The Telegraph
Since 1st March, 1999

New Delhi, June 1: Deputy Prime Minister L.K. Advani is set for a high-level official visit to the US this month that assumes significance against the backdrop of Prime Minister Atal Bihari Vajpayee’s peace overtures to Pakistan.

The visit is important in another aspect, too. Advani’s trip to the US last year was as India’s home minister. His main host then was attorney-general John Ashcroft.

This time, he would go there as the country’s deputy Prime Minister, invited by the No. 2 in the George W. Bush administration — Vice-President Dick Cheney. “This trip is at a much higher level and shows the importance Washington is giving to the Indian deputy Prime Minister,” a senior Indian official said.

Advani’s 10-day trip from June 7 will cover the US and the UK. He will spend five days in America where, apart from interacting with key figures of the Bush administration in Washington, he will visit New York, Los Angeles and Chicago.

The deputy Prime Minister will also meet members of the Indian community in each city and is scheduled to deliver a few lectures to select audiences.

Officials said though terrorism would be the big issue, as it was last year, the discussions this time would be much broader with the man the US sees as likely to take over from Vajpayee whenever the Prime Minister calls it a day.

Advani, too, realises that it is essential to know top US leaders if he hopes to step into Vajpayee’s shoes one day.

There are, as yet, no details of who he would meet, but officials say he will “interact with all senior leaders of the Bush administration available in Washington while he is there”. The main discussions will be with the Vice-President. But if national security adviser Condoleezza Rice, defence secretary Donald Rumsfeld or secretary of state Colin Powell are in town, Advani will certainly meet them.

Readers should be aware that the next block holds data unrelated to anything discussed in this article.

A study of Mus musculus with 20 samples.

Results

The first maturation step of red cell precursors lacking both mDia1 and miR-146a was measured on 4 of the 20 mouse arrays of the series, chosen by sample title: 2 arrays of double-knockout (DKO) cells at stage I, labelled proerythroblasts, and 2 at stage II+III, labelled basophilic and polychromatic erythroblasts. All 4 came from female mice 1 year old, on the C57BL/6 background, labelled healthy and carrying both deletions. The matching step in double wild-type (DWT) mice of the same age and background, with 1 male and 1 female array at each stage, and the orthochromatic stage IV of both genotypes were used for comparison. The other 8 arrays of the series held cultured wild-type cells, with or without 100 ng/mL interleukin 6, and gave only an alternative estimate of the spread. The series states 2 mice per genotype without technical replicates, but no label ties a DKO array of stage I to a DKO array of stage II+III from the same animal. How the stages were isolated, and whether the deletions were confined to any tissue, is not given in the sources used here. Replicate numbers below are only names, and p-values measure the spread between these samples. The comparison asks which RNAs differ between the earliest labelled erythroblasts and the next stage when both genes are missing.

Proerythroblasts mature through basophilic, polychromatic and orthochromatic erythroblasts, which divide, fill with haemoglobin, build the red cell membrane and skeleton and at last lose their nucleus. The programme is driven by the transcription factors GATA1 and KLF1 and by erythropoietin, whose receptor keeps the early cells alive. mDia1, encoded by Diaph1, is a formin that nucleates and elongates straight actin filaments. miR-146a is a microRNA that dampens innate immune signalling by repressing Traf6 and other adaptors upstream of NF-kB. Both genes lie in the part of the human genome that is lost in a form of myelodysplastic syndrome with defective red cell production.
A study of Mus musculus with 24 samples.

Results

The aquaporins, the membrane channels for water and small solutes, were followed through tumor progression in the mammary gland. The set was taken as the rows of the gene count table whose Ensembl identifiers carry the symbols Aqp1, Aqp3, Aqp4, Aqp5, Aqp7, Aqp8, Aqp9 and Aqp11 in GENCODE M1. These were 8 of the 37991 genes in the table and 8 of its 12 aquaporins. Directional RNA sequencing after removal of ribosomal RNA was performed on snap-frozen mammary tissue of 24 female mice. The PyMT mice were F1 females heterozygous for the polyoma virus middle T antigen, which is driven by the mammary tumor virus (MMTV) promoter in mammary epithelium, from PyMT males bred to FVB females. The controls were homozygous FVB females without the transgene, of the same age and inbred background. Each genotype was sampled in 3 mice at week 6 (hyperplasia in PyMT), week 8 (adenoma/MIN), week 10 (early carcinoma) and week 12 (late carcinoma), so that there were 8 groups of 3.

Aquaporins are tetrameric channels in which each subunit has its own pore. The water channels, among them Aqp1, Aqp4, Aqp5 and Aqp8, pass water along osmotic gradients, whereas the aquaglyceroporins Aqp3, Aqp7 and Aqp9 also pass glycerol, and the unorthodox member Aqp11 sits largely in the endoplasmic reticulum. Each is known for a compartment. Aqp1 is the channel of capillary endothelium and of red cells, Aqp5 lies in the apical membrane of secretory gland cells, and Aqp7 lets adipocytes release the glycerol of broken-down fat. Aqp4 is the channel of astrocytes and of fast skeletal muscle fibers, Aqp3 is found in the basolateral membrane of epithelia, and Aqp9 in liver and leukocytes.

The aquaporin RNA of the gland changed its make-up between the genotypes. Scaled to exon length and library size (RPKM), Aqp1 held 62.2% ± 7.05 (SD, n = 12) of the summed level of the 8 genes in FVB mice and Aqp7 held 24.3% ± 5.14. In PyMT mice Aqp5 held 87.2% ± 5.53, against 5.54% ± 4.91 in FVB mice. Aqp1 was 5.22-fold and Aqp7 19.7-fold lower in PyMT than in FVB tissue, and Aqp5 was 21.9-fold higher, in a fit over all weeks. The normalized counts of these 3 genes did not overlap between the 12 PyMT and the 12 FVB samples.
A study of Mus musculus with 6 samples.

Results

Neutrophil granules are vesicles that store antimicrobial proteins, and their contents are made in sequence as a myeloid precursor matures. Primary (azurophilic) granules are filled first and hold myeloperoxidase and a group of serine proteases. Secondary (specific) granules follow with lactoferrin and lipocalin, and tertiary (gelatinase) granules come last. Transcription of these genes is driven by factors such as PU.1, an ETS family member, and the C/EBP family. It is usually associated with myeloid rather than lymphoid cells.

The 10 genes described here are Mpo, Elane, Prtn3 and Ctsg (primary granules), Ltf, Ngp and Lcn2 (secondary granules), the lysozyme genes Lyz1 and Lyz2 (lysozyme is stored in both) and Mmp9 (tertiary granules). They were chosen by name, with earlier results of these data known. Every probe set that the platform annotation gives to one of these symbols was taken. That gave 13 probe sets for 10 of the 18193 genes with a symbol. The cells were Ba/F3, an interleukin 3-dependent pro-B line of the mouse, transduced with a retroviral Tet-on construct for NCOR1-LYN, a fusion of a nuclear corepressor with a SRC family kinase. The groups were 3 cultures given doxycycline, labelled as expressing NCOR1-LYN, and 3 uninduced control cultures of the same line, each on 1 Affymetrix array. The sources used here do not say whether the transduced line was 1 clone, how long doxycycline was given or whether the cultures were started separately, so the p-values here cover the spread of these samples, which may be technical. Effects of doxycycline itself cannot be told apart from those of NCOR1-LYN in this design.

As terrorism will be an important area of discussion, Advani will also meet FBI director Robert Mueller and heads of other US investigative agencies.

There is no word yet about a courtesy call on President Bush, but indications suggest, if he is in town, there may be an interaction, no matter how brief.

At a time when Washington is keen to bring down tensions between South Asia’s two nuclear neighbours, the Bush administration would like to know Advani’s views on engagement with Pakistan. The President and his men are likely to put across US’ fears about the dangers of a nuclear face-off in an area which former US President Bill Clinton had described as the “most dangerous place in the world”.

There is a perception in the US that Advani is a hardliner vis-à-vis Pakistan while Vajpayee is a man of peace. So the US administration would like to get a first-hand detailed brief from the deputy Prime Minister about his views on Vajpayee’s peace initiative.

Advani has supported Vajpayee’s move but is reportedly responsible for the rider that cross-border violence has to end before any meaningful engagement with Islamabad.

So he is certain to put across his concerns about cross-border infiltration, and Pakistan’s continuing support to militants.

Advani will try to explain to the Bush administration that public opinion in India would make it difficult for the government to take the path of peace unless terrorism stops. The public outrage after the attack on Parliament is a case in point.